In this post I’m going to talk a little bit about the system of build that we’re using, called the Segal system. Walter Segal was an architect who developed a system of self-build housing specifically designed for untrained self-builders. Whilst rebuilding the family home he built a temporary structure in his garden using standard cladding materials, with no foundations other than paving slabs. It took two weeks to build and cost £800. He felt that this building was more interesting than the family home he eventually built, and went on to develop this systems of building in the 1970s in Lewisham through a series of council-led self-build schemes, an example of which is in the photo below.
Walter’s Way, Lewisham
Flexibility of use and ease of construction is at the heart of the Segal system, which is reflected in the design of PROTOHOME, kindly developed by xsite architecture. The frame of the structure is on a dimensional grid, making plans easy to follow, and all construction is done using dry jointing techniques with bolts and screws, so there are no wet trades involved that might require more enhanced training. The use of a core structure means that the walls and partitions are not load bearing so the ‘in fill’ can be done incrementally over time. In the Segal method this infill is completed using modular panel walls held in place by wooden batons that can easily be unscrewed and moved around to change room formations. This also means that ‘in wall’ services such as electrics and plumbing can be easily accessed and repairs and alterations simply made. Like Segal we are making use of standard ‘off the shelf’ material sizes – each 8 foot in length so less cutting and waste is involved making the process more economical and also saves the time and energy of the self-builder. This system really makes self-building achievable, even for those without any previous woodwork skills. Learning and training are at the core of this project, and this system offers an approach through which learning can occur whilst building.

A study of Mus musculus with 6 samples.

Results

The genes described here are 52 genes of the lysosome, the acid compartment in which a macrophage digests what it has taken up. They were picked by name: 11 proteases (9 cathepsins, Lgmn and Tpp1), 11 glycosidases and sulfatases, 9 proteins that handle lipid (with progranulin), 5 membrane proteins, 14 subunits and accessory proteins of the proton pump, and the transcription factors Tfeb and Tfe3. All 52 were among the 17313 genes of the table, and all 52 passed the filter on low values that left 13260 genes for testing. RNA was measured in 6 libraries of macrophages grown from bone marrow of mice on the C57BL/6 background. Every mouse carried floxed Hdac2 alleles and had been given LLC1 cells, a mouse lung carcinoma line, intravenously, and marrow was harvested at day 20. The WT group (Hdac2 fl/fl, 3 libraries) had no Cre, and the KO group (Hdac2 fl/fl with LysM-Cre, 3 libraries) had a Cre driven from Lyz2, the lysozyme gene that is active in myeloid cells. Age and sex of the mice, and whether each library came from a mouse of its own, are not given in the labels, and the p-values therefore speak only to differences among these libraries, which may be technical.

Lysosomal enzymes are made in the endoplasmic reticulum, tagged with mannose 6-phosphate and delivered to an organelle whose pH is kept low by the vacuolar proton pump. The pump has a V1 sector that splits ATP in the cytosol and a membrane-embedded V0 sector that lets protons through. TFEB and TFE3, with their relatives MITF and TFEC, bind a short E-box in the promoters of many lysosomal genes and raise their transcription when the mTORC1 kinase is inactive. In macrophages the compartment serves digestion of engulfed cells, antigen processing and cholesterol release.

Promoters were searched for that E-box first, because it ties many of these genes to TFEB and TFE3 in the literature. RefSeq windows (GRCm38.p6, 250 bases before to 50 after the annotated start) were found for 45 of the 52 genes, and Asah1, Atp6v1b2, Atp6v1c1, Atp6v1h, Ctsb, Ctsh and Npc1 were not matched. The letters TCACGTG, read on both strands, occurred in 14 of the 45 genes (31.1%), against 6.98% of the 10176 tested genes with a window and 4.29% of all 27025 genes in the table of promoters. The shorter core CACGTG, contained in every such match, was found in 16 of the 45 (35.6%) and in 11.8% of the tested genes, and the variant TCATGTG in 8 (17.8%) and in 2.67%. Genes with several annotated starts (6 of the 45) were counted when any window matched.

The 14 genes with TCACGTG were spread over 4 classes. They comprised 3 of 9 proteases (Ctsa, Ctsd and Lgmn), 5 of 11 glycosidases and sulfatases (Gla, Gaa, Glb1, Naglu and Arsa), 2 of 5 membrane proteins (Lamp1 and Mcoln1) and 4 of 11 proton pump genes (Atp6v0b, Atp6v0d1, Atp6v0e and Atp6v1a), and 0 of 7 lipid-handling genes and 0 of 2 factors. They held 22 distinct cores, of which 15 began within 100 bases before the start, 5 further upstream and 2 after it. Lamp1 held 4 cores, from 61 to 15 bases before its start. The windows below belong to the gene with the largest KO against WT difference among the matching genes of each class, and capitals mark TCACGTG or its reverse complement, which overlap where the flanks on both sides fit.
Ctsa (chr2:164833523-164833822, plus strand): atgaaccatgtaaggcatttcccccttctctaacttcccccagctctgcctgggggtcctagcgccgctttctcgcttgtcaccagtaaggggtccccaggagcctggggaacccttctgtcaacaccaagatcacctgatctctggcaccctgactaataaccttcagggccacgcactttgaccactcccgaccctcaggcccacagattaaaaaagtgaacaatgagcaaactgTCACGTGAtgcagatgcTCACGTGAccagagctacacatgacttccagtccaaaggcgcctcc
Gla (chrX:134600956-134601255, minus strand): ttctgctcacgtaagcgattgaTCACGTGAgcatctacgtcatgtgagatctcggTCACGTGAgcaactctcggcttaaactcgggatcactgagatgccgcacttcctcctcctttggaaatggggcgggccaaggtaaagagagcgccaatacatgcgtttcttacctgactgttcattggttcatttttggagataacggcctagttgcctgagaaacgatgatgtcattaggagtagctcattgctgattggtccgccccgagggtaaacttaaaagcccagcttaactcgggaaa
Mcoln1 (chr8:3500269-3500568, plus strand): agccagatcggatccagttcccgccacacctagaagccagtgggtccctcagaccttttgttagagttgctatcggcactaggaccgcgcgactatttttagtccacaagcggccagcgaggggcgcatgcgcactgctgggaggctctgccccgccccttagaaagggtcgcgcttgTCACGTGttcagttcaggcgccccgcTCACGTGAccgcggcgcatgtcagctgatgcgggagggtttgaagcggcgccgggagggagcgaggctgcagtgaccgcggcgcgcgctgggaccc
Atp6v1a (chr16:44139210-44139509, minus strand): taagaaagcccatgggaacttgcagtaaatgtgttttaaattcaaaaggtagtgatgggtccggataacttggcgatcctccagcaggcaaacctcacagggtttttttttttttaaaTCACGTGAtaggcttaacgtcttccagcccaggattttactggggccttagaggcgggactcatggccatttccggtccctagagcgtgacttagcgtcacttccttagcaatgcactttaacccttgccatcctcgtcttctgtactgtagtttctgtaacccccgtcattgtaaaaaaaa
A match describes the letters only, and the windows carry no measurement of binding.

The Segal Method
The modular approach also means that people can be creative in what and how they use the wall panels. In our build we will be able to easily change the formation of the room around, so that we can have flexible and movable presentation boards and even rooms if we wish. So the potentials for Segal system houses to change and grow as needs change or as families get bigger/smaller makes this system of building very practical.
Last week the group at Crisis was thinking about how they might use this system of building to design their own homes, based on the floor plan of PROTOHOME. Even though we aren’t able to show these different room formations physically we will be able to show them through visualisations in PROTOHOME once it’s up. However PROTOHOME will be 4.8m x 9.6m so almost the size of a one bedroom apartment. In this little design task it was interesting to see how each person would use the space differently, partitioning rooms and areas off in different ways, according to needs and wants. Some designs were more open plan, some more traditionally delineated different rooms. Some people were really interested in cooking, so the kitchen was at the centre of their design, others wanted a bigger living area. External space was also important to the group, reflecting hobbies and interests such as gardening or keeping pets.
I’m sure these conversations about different housing formations will carry on throughout the project, and we will build on the designs we started this week. However I really think that what this task demonstrated was the flexibility and ease of use of the Segal system, something that we’ll delve more into throughout the next two months.
To find out more about how you could use the Segal System, you can find a PDF here of the process.